Are you a fan of cooking shows? If yes, then you may find various modern mouth-watering dishes inspired by traditional cooking across the globe. But are you aware of the cooking-related terms used in these shows? Maybe not, as in some shows, some complex words are used that are difficult to adapt. For example, do you know the difference between slicing, dicing, or chopping? If not, then read the article below and practice your newfound knife skills.

Slice

Slicing refers to cutting large ingredients into flat pieces, such as slices of bread, onion rings, carrot coins, potatoes, or some veggies. Slicing can be thin or thick, and it depends upon your choice or according to the need of the recipe. For example, onion slices should be lighter for a burger to avoid a big mouthful of onion. And thicker pieces for grilling (paneer tikka or chicken tikka) and frying (some thick Chinese gravy).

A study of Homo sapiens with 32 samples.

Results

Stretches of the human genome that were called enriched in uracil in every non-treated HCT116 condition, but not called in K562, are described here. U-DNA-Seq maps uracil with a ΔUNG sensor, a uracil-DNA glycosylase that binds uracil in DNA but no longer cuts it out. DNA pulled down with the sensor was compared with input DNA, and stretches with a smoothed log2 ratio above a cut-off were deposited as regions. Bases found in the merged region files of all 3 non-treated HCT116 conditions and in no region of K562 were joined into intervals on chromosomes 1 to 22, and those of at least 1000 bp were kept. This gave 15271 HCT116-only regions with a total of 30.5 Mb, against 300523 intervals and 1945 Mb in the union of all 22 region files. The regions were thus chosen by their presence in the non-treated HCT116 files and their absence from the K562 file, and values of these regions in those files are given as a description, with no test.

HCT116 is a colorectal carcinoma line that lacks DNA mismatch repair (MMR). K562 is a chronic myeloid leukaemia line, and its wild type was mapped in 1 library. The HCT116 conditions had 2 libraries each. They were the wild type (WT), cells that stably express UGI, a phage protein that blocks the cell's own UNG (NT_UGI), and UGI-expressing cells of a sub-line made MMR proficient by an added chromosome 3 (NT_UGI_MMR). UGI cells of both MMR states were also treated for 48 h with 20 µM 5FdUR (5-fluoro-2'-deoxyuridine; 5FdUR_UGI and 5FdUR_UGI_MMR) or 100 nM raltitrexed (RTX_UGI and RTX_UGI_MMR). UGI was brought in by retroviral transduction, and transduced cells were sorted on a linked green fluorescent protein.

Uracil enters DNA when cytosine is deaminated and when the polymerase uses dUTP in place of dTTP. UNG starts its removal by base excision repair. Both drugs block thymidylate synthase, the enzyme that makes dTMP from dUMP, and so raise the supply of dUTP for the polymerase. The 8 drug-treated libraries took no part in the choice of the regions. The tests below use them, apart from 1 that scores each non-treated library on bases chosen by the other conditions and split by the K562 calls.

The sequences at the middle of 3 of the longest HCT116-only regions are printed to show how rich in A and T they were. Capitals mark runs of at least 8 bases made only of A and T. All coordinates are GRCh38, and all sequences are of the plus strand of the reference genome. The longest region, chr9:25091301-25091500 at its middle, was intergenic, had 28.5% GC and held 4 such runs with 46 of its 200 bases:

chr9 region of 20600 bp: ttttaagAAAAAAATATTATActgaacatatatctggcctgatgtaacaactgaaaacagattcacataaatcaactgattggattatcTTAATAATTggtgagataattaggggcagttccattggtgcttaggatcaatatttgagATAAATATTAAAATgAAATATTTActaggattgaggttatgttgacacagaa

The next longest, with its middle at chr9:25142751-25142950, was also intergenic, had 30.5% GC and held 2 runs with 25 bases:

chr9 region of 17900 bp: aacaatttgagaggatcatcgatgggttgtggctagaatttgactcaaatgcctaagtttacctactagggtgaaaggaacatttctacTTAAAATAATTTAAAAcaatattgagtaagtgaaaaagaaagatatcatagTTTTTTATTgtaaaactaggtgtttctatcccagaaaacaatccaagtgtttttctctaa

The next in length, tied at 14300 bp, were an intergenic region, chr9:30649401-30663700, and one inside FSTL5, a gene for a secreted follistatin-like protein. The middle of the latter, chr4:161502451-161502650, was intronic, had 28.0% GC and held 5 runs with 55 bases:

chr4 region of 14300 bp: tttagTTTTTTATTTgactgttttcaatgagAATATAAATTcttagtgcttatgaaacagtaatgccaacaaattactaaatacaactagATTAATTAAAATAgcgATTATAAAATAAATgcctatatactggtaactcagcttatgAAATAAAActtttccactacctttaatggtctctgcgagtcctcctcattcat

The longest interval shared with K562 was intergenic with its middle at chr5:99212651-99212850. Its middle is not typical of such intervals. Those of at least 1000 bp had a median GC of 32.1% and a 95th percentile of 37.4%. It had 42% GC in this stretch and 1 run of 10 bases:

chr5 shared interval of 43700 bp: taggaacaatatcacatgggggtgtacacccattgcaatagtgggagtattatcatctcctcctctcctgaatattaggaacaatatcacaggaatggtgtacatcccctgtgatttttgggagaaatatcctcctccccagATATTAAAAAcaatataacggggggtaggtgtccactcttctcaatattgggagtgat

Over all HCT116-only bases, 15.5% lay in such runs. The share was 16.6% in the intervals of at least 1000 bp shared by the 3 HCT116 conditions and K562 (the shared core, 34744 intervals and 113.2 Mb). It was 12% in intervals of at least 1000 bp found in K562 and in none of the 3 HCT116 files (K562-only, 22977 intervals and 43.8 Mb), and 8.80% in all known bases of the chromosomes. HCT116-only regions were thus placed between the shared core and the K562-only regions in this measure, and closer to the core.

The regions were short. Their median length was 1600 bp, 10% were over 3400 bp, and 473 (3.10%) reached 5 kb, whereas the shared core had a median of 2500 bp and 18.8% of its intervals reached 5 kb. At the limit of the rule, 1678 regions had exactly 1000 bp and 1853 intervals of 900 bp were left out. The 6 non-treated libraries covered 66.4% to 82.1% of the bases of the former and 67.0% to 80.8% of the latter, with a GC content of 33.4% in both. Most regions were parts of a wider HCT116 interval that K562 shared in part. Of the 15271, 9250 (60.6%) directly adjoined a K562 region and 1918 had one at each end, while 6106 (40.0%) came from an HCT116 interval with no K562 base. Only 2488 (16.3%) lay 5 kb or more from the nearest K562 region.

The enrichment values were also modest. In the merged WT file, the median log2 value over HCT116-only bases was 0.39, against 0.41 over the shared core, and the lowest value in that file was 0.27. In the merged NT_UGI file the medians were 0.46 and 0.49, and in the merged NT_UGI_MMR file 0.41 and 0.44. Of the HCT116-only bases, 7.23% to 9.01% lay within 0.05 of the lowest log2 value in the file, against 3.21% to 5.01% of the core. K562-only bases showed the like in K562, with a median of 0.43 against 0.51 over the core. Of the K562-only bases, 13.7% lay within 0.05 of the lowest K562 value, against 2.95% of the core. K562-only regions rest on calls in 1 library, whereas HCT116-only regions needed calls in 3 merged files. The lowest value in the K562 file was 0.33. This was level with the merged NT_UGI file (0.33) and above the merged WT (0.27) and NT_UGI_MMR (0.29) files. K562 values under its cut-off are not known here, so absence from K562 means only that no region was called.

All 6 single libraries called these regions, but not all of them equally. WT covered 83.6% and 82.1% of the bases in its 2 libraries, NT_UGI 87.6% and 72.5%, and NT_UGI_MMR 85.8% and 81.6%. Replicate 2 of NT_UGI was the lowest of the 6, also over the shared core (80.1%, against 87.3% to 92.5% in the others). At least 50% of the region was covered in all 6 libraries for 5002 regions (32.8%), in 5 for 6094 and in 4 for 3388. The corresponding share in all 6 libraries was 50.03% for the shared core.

Chop

Chopping has to be done in most of the dishes. It’s the generic way to say, “cut the food into smaller pieces”. Chopping doesn’t need to refer to any particular shape or size—usually some squarish pieces between 1/2 - inch and ¾- inch. Referring to herbs like parsley, coriander, which you can use in garnishing, are often modified as roughly cut or finely chopped.

Julienne/French Cut

Julienne is a method of cutting vegetables in the form that they look like matchsticks. This type of cutting is usually used in noodles, ginger garnishing, potatoes frying, or Chinese preparations. It is precise to cut veggies in thin strips lengthwise.

Dice

Dicing means cutting items into equal square-shaped pieces. Here the goal is to make it beautiful in the same sized shapes. The chunks in dicing refer to the size in 1/4 to 1/8 inch. Chopping and dicing are similar things; it is just the size that is differentiated. Chops have larger chunks than dice.

Cubes

In cubing, the veggies need to be more precise than chopping. Cubes are cut in a uniform size. 1/2 inch- cube cut is used in many foods, such as potatoes to bread or meats.

Mince

It is not just that you can make only mincemeat; you can also cut your veggies finely with a knife. Mince is the minor cutting in the series of chopping the veggies. Mincing is the ideal cutting technique for more flavour in the dish like onion, garlic, ginger, or especially green/red chilli, where you can taste the flavour rather than seeing the result.